PEP-Web Tip of the Day

When you do a search, you can sort the results bibliographically alphabetical or by “rank”. What is Rank?

Rank refers to the search engine’s “best guess” as to the relevance of the result to the search you specified. The exact method of ranking used varies a bit depending on the search. In its most basic level, when you specify a single search term, rank looks at the density of the matches for the word in the document, and how close to the beginning of the document they appear as a measure of importance to the paper’s topic. The documents with the most matches and where the term is deemed to have the most importance, have the highest “relevance” and are ranked first (presented first).

When you specify more than one term to appear anywhere in the article, the method is similar, but the search engine looks at how many of those terms appear, and how close together they appear, how close to the beginning of the document, and can even take into account the relative rarity of the search terms and their density in the retrieved file, where infrequent terms count more heavily than common terms.

To see a simple example of this, search for the words (not the phrase, so no quotes):

unconscious communications

Look at the density of matches in each document on the first page of the hits. Then go to the last page of matched documents, and observe the density of matches within the documents.

A more complex search illustrates this nicely with a single page and only 15 matches:

counter*tr* w/25 “liv* out” w/25 enact*

There are a lot of word forms and variants of the words (due to the * wildcards) above that can match, but the proximity (w/25) clause limits the potential for matching. What’s interesting here though is how easily you can see the match density decrease as you view down the short list.

The end result of selecting order by rank is that the search engine’s best “guess” as to which articles are more relevant appear higher on the list than less relevant articles.

For the complete list of tips, see PEP-Web Tips on the PEP-Web support page.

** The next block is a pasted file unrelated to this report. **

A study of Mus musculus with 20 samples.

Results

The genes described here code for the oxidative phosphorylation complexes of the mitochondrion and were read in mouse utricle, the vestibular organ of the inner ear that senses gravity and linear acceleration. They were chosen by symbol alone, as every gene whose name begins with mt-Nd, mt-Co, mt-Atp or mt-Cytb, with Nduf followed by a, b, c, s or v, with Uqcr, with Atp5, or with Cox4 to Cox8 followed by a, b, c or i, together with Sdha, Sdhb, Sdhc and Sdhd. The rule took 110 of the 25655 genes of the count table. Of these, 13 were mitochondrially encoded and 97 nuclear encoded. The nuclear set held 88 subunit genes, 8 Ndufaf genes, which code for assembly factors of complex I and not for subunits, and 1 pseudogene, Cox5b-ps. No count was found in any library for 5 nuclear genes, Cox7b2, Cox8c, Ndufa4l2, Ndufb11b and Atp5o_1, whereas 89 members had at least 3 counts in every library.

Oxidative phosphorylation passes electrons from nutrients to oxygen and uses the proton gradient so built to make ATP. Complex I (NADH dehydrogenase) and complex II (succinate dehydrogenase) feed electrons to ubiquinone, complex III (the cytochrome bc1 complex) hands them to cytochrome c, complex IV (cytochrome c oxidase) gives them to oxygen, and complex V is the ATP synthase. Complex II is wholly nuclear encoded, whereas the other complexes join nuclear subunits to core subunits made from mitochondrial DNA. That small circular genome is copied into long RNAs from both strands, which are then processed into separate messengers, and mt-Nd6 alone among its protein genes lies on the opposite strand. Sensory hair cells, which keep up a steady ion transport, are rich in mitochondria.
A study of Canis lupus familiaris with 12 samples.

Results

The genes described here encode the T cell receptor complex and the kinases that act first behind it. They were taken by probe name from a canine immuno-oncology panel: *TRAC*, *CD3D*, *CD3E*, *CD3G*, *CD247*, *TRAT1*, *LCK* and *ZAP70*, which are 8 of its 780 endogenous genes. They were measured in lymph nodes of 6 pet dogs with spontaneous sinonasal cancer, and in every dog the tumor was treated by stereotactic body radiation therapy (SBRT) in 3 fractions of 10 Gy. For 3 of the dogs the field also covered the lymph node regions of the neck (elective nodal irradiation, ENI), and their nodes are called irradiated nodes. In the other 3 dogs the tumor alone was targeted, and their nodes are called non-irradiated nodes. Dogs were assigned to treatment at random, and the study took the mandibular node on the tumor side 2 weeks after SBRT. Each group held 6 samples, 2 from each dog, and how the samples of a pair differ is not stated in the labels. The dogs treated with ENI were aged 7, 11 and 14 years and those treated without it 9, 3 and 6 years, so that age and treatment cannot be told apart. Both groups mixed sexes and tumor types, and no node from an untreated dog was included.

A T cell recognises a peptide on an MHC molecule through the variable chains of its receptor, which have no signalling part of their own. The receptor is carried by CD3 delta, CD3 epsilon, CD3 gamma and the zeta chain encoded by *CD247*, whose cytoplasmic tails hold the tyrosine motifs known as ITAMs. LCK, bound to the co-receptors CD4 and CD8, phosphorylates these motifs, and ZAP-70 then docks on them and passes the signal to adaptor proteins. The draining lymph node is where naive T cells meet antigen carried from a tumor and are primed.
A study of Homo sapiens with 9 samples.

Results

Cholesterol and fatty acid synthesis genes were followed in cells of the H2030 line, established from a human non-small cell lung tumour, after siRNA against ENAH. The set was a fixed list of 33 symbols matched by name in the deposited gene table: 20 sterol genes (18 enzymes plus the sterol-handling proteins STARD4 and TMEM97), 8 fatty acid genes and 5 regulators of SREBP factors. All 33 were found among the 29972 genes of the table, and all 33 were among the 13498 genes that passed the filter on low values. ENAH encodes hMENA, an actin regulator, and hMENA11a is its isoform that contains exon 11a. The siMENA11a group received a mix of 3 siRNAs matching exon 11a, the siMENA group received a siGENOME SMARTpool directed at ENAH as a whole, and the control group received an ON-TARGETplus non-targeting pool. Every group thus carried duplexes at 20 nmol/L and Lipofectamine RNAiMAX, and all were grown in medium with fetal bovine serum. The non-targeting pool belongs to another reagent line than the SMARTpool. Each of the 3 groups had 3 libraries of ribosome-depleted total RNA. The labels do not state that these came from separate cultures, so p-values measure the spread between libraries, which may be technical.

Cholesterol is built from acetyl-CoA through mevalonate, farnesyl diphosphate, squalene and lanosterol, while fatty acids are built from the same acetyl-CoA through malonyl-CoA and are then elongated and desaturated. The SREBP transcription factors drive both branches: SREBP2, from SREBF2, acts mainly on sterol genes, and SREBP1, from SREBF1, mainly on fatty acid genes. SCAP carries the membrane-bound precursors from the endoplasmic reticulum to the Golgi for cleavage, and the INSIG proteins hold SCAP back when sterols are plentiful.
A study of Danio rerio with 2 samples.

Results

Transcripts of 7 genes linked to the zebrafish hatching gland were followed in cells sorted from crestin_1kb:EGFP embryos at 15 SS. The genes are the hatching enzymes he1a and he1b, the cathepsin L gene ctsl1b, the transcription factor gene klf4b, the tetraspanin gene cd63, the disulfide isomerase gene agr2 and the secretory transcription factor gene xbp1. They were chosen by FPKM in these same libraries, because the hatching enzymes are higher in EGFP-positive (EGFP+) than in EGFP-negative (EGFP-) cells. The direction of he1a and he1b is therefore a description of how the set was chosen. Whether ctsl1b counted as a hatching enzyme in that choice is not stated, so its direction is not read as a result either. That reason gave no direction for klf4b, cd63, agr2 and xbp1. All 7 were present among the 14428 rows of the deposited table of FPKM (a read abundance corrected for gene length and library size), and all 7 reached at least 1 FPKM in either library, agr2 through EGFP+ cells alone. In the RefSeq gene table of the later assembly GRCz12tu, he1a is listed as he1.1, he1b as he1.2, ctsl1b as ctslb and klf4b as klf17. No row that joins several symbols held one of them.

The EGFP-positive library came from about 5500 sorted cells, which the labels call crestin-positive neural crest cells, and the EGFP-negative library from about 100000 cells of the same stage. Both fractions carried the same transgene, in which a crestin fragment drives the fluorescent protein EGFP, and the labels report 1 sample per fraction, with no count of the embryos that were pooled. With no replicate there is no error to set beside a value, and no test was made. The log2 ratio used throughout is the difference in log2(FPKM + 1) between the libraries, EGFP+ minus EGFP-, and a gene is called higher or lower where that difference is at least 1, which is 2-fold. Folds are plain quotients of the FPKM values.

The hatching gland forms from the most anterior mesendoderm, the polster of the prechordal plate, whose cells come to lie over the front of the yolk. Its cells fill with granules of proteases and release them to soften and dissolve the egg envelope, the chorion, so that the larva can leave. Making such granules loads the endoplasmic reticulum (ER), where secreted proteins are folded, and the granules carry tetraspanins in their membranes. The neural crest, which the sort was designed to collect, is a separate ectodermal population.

Stramer, R. (2016). Freud in Zion by Eran J. Rolnik Karnac Books, London, 2012; 252 pp; £24.99. Int. J. Psycho-Anal., 97(4):1217-1222.

(2016). International Journal of Psycho-Analysis, 97(4):1217-1222

Freud in Zion by Eran J. Rolnik Karnac Books, London, 2012; 252 pp; £24.99

Review by:
Ricardo Stramer, Ph.D.

Freud in Zion - a rather metaphorical title given that Sigmund Freud never visited the Holy Land - seeks to examine the interplay between Zionism and psychoanalytic thought, and its influence on the formation of Israeli identity. In order to examine this interplay, the author explores the development of psychoanalytic theory and debate in Israel, and asks whether there is a specifically Israeli psychoanalysis, influenced by the history of the Jewish people. At the same time, the author, being an Israeli psychoanalyst as well as historian informs us that by examining the proposed theme, he is in a position to examine the development of great ideological developments in the 20th century, namely Zionism, Socialism and Freudianism from both historical and sociological perspectives.

The author concentrates on the development of Jewish thinking in the 20th century emphasizing the need of Jewish intelligentsia to develop a new mentality, away from persecution, that would adapt to the conditions of a modern nation-state. When it comes to Zionism, the author suggests that it was greatly influenced by the need to develop an alternative to traditional religious explanations for the plight of the Jewish people.

[This is a summary excerpt from the full text of the journal article. The full text of the document is available to journal subscribers on the publisher's website here.]